By Rodrigo Cervantes
Published: Tuesday, January 22, 2019 - 4:59pm
Updated: Thursday, January 24, 2019 - 12:54pm

Office of the President of Mexico
Mexican President Andrés Manuel López Obrador explaining the government´s strategy to use trucks instead of pipelines for fuel during a conference.

MEXICO CITY — The death toll from Friday’s pipeline explosion in Mexico has risen to almost 100, while dozens are still injured.

The gas duct exploded in the town of Tlahuelilpan, Hidalgo, in central Mexico. Most of the victims were stealing gas from a leak before the explosion. Later it was known that a few soldiers and local officers tried to warn the mob without any confrontations or arrests, sparking a debate on who’s to blame for the incident.

The explosion came while the Mexican government fights fuel robbery by shutting down gas pipelines, a controversial strategy that had shortened gas supply in many states of central Mexico, including its capital, Mexico City.

As part of the strategy, the Mexican government recently spent $85 million to purchase 571 gas trucks from the U.S., while hiring thousands of drivers and assigning them to the army control on the operation of some truck routes.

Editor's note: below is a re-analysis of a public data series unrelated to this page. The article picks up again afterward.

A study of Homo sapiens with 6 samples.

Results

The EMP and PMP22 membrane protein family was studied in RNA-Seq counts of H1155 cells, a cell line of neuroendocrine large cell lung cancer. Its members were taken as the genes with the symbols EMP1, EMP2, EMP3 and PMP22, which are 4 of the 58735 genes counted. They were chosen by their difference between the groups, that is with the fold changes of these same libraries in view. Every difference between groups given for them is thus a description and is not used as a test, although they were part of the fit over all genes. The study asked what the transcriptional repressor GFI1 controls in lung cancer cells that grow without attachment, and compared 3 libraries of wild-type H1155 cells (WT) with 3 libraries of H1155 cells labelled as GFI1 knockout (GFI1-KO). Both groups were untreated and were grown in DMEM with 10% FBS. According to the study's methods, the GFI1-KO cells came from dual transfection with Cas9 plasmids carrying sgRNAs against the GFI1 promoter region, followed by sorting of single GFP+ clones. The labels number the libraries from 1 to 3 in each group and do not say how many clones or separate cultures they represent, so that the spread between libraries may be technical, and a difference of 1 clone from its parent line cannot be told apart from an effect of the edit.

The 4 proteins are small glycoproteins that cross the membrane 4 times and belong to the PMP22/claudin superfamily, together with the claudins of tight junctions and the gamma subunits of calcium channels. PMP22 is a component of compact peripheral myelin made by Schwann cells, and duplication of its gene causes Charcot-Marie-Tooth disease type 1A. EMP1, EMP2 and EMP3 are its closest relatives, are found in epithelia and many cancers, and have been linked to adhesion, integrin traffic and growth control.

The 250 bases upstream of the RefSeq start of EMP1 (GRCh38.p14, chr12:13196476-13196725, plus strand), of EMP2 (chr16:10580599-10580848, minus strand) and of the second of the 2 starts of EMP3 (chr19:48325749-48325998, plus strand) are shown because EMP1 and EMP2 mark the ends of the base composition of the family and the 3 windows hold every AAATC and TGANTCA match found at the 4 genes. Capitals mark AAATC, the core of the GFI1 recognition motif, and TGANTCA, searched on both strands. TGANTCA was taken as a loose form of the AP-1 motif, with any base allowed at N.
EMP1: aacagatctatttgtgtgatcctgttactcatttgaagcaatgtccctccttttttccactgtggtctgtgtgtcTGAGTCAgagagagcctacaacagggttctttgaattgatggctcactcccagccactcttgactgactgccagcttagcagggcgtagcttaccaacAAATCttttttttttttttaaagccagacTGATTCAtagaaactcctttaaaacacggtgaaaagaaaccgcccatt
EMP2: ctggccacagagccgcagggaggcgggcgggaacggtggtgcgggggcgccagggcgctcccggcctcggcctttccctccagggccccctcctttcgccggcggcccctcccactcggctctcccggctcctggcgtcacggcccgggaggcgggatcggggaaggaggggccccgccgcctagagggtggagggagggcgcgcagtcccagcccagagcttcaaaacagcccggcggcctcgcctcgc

Mexico’s president, Andrés Manuel López Obrador, said the government will help the explosion survivors rather than prosecute them, arguing that poverty fostered the thefts.

But critics say the government has being negligent and evasive, or even repeating mistakes from previous administrations.

“The government knew there were leakages in the area, the government knew there had been accidents before, and they knew there were different cells of organized crime operating in the area, ” said Lisa Sánchez, executive director of the nonprofit Mexico United Against Crime.

Mexico is militarizing the supervision of refineries and pipelines. Sánchez says the strategy will not dissuade crime, while increasing the risk of violence.

“Every new government has its new enemy,” Sánchez said, arguing that the López Obrador administration chose gas thieves or “huachicoleros” as their main target.

“The problem is that (López Obrador) is choosing the exact same strategy his predecessors used for fighting other crimes, like drugs,” said the analyst, explaining that militarized operations have been proven to fail.

For Sánchez, the tragic outcome of the explosion showed that the Mexican government needs more intelligence, social support and enough federal forces reacting in reasonable numbers and in a timely manner.

Sánchez said it’s important to analyze the facts and actually hold accountable whoever is responsible for the tragedy.

“What we are normalizing as a society is impunity: the fact that there are no sanctions for illegal conducts, and the fact that the authorities are not acting according to the law,” Sánchez said.